As Gossip Cop has reported, Soules was involved in a deadly accident in April. The former star of “The Bachelor” collided with a tractor on a rural Iowa road, sending his truck and the tractor into opposite roadside ditches. The diver of the tractor, Kenny Mosher, died from injuries sustained in the collision.
Although Soules called 911 to report the crash, he left the scene after paramedics arrived. He was later arrested and charged with leaving the scene of a fatal accident. The prosecution previously claimed Soules bought alcohol prior to the crash, and that open containers were found in his truck.
Upon his arrest, he was tested for intoxication. Now his defense team says the testing showed Soules had no alcohol or drugs in his system. As such, his lawyers want any purported evidence related to alcohol use declared inadmissible. In a motion filed on Friday, it’s said:
“According to a report issued by the Iowa Department of Criminal Investigation’s (DCI) Criminalistics Laboratory, Mr. Soules’ specimens were negative for drugs and alcohol. The DCI conducted thorough toxicology testing on two separate samples – his urine and blood – and conclusively determined no detectable amounts of alcohol or drugs were in either specimen. Furthermore, Mr. Soules has not been charged with any alcohol related offense.”
Consequently, his camp wants to bar “any evidence, testimony, reference, or argument that, on the night in question, Mr. Soules: 1) purchased alcohol, 2) consumed alcohol, 2) drove while impaired, or 3) had beer cans in or around his vehicle.” It is possible the prosecutor will fight the request on the grounds that the samples were taken from Soules hours after the accident. In fact, it was previously claimed he initially refused to leave his house when officials arrived, allegedly leading to an hours-long standoff before he surrendered to custody.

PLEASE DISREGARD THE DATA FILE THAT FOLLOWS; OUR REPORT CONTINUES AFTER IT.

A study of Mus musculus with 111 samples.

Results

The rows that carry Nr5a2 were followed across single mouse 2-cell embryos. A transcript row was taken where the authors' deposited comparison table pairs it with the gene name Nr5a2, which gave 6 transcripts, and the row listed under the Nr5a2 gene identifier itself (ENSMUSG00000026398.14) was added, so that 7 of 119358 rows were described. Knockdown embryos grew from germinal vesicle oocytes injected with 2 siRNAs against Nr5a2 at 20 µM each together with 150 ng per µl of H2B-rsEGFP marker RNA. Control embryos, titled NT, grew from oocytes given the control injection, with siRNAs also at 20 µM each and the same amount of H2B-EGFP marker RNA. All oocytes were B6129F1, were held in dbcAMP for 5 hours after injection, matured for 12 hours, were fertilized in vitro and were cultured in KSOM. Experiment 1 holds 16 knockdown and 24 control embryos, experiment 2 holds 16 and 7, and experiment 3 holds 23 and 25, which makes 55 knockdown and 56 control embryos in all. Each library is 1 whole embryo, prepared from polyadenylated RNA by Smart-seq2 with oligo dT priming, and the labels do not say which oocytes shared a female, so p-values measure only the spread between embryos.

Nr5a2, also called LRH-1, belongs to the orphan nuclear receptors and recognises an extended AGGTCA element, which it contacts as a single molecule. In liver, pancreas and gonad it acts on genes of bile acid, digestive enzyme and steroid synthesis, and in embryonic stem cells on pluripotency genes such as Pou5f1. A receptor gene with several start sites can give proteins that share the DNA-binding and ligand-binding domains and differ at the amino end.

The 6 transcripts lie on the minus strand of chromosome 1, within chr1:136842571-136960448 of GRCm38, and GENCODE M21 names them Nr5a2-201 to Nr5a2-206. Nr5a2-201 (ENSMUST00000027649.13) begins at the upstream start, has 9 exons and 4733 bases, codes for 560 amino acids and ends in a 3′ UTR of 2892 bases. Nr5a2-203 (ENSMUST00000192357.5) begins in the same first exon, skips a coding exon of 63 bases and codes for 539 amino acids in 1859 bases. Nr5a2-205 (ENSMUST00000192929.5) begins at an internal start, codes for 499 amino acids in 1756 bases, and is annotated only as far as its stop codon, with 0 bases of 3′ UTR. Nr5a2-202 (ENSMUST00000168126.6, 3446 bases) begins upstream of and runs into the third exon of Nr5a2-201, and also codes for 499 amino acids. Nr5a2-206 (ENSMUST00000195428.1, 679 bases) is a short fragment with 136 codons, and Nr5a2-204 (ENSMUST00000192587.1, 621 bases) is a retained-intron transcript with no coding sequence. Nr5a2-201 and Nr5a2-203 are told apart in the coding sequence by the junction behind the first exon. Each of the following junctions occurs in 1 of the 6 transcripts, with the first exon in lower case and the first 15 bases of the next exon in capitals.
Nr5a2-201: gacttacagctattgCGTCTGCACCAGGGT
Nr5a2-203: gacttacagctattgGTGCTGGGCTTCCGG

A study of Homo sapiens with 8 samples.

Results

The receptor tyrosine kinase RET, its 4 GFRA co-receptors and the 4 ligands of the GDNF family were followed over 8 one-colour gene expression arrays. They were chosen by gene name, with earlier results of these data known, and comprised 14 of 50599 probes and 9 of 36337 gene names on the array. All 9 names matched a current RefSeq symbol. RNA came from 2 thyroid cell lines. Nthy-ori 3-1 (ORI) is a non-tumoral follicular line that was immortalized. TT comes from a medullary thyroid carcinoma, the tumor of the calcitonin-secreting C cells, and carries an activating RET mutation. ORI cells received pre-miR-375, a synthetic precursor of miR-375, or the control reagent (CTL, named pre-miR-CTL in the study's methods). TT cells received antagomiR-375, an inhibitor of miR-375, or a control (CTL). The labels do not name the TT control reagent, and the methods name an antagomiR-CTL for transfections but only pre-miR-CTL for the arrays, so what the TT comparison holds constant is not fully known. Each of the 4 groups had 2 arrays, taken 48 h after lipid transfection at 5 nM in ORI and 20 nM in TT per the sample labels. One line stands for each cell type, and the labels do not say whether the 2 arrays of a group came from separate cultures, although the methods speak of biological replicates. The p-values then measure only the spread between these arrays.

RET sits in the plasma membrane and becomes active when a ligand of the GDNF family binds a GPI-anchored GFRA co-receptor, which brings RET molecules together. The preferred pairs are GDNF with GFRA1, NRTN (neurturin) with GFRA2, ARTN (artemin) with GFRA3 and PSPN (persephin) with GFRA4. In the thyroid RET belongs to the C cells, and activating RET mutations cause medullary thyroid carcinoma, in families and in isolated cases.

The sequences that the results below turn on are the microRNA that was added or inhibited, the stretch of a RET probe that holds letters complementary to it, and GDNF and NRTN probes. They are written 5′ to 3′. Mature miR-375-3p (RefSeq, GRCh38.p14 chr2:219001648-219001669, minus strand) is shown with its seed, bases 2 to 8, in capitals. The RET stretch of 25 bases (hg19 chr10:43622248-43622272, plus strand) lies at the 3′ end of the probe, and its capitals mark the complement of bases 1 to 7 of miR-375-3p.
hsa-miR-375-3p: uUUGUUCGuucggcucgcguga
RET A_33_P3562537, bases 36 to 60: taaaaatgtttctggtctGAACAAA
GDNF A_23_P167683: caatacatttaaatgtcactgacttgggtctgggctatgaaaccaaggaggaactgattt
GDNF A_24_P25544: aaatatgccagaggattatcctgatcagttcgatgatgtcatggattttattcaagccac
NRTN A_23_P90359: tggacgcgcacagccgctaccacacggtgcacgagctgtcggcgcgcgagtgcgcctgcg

Soules also makes other requests in this new motion. His attorneys ask that Mosher not be referred to as the “victim” because Soules is “presumed innocent.” It’s argued, “The State has not charged Mr. Soules with any crime asserting he is criminally responsible for the death of the decedent. Thus, it is wholly improper for the State or any witness to refer to the decedent as a ‘victim.'”
Among other demands, it is also argued “any statement, questioning, or evidence about Mr. Soules’ criminal history” should also be inadmissible. As Gossip Cop reported, Soules’ previous motion to dismiss the felony charge outright was denied last month. We will continue to have updates as appropriate.